I get numerous opportunities to come to this conclusion, but being in the investment business, most people think I’m pro-insurance. If you’ve ever tasted Paregoric, you know it’s only better than the alternative. Shifting risk is very expensive. I have found self-insurance (or taking the risk myself) to be the more profitable choice. Now, I’ve never faced a major calamity either. But even so, large deductibles allow for covering catastrophic losses, and leave the minor claims to be absorbed.
I have several points of reference arguing for larger deductibles. In 1986, I spun out my new Chevy Blazer on an icy road in Boerne. The relatively minor $1700 repair bill was not too bad considering my $250 deductible. Then my agent broke the news that my premiums were going up with the claim, since I was obviously no longer “low risk”. My premiums would rise by $500 per year for three years, with no more claims. That means it was going to cost me $1750 to make a $1700 claim (3x$500 +$250). I withdrew my claim and paid out of pocket. I asked my agent why I did not have a $1000 deductible. He said it was probably a good idea. He should have mentioned that sooner. I fired him on the spot.
My new agent put me in the same $1000 deductible policy which lowered my annual premiums by almost $800. That was 25 years ago, with nary a claim. That means the willingness to accept a $750 additional loss at any moment has paid me $20,000 plus interest ($800x25yrs). And that’s tax-free.
I took my son, Brian, to lunch at one of our favorite Cajun places before he returned to TCU this past July. His car was broken into while we dined, and several items were stolen, including two laptops and some of his girlfriend’s jewelry. My $7800 homeowner’s claim was whittled down to a check for $1018, after deductibles and depreciation. So I changed my deductible.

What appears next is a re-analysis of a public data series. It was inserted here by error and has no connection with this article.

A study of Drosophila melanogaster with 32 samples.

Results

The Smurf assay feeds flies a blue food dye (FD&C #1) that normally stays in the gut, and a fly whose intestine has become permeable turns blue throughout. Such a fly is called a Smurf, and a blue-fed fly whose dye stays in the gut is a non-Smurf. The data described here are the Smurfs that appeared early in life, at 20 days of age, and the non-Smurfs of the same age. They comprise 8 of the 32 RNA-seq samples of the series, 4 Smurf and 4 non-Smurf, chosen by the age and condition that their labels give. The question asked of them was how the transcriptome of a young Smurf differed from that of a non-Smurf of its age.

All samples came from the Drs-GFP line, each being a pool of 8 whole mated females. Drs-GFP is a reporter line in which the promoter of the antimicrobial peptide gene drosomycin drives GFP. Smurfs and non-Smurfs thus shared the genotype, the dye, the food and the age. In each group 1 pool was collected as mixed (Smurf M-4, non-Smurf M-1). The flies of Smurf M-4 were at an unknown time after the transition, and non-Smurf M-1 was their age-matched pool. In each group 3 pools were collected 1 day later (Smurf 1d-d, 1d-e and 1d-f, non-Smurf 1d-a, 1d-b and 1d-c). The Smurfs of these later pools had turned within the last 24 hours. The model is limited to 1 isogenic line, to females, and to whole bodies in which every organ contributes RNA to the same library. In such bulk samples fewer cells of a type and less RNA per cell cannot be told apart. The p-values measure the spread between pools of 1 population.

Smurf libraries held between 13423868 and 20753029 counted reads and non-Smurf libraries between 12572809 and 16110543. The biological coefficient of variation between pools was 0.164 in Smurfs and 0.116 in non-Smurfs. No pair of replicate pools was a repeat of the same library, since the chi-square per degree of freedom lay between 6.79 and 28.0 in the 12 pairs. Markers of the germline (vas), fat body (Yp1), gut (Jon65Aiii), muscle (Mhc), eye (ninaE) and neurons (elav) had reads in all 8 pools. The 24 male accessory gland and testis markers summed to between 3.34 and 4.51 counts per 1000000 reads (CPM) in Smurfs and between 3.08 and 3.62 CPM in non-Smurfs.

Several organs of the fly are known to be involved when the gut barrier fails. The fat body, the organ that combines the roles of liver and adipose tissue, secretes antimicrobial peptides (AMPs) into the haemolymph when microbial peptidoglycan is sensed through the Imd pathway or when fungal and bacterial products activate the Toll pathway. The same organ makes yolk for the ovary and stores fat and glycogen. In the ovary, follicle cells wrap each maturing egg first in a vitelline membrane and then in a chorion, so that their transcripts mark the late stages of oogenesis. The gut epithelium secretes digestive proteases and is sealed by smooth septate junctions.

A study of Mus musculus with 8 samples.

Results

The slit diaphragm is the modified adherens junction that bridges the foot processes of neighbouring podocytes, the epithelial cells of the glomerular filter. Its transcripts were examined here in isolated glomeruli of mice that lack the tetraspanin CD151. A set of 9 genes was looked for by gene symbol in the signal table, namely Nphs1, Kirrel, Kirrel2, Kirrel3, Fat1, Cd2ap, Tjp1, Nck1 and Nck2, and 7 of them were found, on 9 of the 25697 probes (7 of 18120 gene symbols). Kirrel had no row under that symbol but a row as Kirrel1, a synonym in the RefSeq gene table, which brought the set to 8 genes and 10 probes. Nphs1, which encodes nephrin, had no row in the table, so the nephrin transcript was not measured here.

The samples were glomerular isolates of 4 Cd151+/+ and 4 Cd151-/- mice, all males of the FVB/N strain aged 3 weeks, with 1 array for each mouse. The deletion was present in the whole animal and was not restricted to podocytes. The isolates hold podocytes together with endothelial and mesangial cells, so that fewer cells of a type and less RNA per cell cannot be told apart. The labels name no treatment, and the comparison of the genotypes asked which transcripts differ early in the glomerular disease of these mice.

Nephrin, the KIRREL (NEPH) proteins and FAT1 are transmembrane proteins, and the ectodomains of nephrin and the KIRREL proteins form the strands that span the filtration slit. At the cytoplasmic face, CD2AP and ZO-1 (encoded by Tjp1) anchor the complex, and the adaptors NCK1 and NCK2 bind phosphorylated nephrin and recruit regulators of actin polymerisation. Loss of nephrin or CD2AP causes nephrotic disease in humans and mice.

With an increase in deductible from 2% of home value to $15,000 flat, my premium has dropped by 41%. The difference in my old deductible and my new deductible will mean I do run an additional risk. But eight years from now that financial risk will have paid for itself with the lowered premiums and any savings beyond that will be tax-free profits. Furthermore, I made my last homeowner’s claim 15 years ago. This cycle would have already repeated itself twice by now if I had been thinking. And even if I do get stung, I already have the savings from the auto policy above to use in escrow against any new claim in this new deductible game. Overall, I’m home free no matter what because I have already saved the other $20,000 and that’s much larger than the new increase in my homeowner’s deductible. I use the term “tax-free” because savings are dollars on which you have already paid tax.
Just food for thought….
UPDATE (12/16/13): My son Brian has now graduated from TCU and is a workin’ man! As such, he is a newfound target for insurance agents, two of whom have recently taken him to lunch. Brian makes a decent salary, but he has no mortgage, no wife yet (he’s engaged), no kids, no car payment, and no student loans. And he needs life insurance? For what? As Brian began asking me about life insurance, I stopped him and asked if the agent had told him about whole life and maybe universal life with a loan instead of doing a Roth IRA. He said. “how’d you know”? I have simply already heard the pitch. It’s pretty predictable when you understand that Term Insurance has no commission, and Whole Life Policy and Universal Life Policy commissions can exceed 80% of your first year’s premium.
I’m no rocket scientist, but I do know how agents get paid, and accordingly how they think. I went on to ask Brian if he had ever heard the saying that “When all you sell is hammers, every problem looks like a nail”? He said no, but he totally understood what I meant with the question.